We are pleased to share that there is a new and improved edition available of Pies from Nowhere: How Georgia Gilmore Sustained the Montgomery Bus Boycott. The new edition include edits made by author Dee Romito, based on feedback from SNCC veteran and Eyes on the Prize series associate producer Judy Richardson.
Pies from Nowhere tells the true story of Georgia Gilmore and the Club from Nowhere, a grassroots project to provide food and funds for the Montgomery Bus Boycott.
It was already a good book. However, Richardson noticed important ways in which it could be more specific and explicit about issues of race and organizing. Teaching for Change published that critique at Social Justice Books and the Zinn Education Project in 2019. We shared it with the author who immediately responded to say that she would work with her publisher to address the concerns in the next printing.
Romito not only made the edits, she sent the text in advance to Richardson to make sure they were done correctly. We applaud Romito and her publisher for taking the suggested edits to heart. We wish that more authors and publishers would do the same.
The edited version of Pies from Nowhere appears in the printing that was released in September of 2020. The ISBN and copyright date (2018) are the same, so we include the image below with indicators for the different editions.
Below are the points made by Richardson which have all been addressed in the September 2020 edition.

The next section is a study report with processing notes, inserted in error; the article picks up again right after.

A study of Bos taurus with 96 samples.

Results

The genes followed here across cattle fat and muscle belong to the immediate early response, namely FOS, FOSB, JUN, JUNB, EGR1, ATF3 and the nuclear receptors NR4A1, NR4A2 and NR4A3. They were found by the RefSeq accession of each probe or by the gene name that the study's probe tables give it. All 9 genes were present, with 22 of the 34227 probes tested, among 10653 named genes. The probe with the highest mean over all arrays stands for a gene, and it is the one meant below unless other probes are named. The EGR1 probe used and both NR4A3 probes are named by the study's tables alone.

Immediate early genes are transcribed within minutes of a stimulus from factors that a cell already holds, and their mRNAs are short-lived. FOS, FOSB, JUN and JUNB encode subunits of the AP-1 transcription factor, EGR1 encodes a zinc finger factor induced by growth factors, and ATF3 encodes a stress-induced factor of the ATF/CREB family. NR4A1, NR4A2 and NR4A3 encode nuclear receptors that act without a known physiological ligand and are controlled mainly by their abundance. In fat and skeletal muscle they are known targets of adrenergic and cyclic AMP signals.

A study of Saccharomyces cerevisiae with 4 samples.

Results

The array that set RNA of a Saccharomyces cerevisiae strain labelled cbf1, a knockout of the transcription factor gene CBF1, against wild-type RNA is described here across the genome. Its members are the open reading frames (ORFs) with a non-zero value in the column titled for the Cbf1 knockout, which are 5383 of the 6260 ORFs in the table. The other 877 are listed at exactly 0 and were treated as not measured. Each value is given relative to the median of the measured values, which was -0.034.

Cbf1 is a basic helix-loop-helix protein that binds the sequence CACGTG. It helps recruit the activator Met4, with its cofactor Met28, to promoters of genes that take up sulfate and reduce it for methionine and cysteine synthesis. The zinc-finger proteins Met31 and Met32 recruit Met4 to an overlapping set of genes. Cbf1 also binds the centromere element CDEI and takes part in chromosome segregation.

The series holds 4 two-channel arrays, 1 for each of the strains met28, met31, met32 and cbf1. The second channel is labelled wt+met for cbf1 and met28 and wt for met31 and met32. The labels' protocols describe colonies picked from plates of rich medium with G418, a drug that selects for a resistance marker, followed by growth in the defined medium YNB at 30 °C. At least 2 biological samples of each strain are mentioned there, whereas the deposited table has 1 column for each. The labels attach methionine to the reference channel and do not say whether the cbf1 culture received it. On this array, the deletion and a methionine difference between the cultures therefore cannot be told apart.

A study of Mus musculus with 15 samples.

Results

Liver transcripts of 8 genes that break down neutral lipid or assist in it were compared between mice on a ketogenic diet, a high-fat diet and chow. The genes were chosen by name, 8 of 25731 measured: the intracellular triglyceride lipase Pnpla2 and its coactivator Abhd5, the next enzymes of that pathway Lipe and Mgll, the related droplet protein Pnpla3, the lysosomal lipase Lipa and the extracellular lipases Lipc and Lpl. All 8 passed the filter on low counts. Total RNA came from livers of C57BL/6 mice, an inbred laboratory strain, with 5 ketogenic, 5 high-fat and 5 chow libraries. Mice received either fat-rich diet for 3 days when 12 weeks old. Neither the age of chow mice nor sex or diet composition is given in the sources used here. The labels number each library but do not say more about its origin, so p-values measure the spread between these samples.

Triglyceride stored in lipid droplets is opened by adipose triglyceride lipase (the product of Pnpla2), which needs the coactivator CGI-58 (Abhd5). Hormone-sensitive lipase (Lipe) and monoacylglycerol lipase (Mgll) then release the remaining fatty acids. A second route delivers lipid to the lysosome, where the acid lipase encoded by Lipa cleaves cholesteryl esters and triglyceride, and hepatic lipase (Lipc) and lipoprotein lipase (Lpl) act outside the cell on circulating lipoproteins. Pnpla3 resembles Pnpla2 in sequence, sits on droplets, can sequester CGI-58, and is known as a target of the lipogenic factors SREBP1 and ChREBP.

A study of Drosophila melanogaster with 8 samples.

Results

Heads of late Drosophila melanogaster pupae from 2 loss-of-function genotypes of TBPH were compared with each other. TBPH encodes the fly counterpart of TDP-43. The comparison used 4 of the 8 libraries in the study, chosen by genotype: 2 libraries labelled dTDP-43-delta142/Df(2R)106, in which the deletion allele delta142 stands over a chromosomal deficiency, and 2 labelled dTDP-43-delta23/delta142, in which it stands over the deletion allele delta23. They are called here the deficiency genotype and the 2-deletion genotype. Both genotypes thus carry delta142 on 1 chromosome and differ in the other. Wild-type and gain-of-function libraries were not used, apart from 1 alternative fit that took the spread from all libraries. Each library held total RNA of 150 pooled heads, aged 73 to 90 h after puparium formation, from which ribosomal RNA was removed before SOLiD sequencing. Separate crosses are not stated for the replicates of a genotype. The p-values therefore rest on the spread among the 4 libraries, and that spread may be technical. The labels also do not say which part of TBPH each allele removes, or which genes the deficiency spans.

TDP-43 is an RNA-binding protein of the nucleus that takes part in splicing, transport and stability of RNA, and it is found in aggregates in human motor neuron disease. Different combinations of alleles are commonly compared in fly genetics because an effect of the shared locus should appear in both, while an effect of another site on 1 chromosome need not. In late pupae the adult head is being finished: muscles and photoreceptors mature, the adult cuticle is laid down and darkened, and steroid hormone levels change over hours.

(1) Avoid the passive voice. For example, the book says “The next day a flyer was passed around…” rather than identifying a protagonist, such as “The next day, an association of Black women distributed a flyer.” See how the author changed the text in the image below.
(2) Name other organizers besides Georgia Gilmore, Dr. Martin Luther King Jr., and Rosa Parks.
(3) Don’t make race invisible in the text when it is central to the story. For example:
“Because she’d been treated poorly by the drivers so many times before.” This should say white drivers.
“The women sold baked goods to local stores, groceries, laundromats, and beauty shops.” This should say Black stores, grocers, laundromats, etc.
(4) Make it clear that the practices were systemic, not personal. For example:
“After she had already paid, the driver demanded she get off and enter through the back of the bus.” This phrase should be added: “as Black people were required to do back then.” This was the usual (systemic) procedure; the driver wasn’t just making an exception of her personally.
(5) Make the motive clear.
In the Author’s Note, it states: “Many whites also aided the boycott by giving rides and making donations.” The truth is that most white women gave rides because, as Alabama civil rights activist Virginia Durr mentions, they wanted their maids’ labor. Durr never suggests that white people in Montgomery did this because they supported the boycott. Of course, the word “aided” doesn’t necessarily indicate they aided because they supported, but it’s implied. Georgia Gilmore’s Eyes on the Prize interview transcript mentions “I had a lot of white people who contributed,” but it does not say that these were white folks in Montgomery. In fact, the bus boycott received national support.
The points in Richardson’s critique are relevant to many children’s books on history and activism. Therefore, we recommend that her critique be read and discussed in teacher education and children’s literature courses.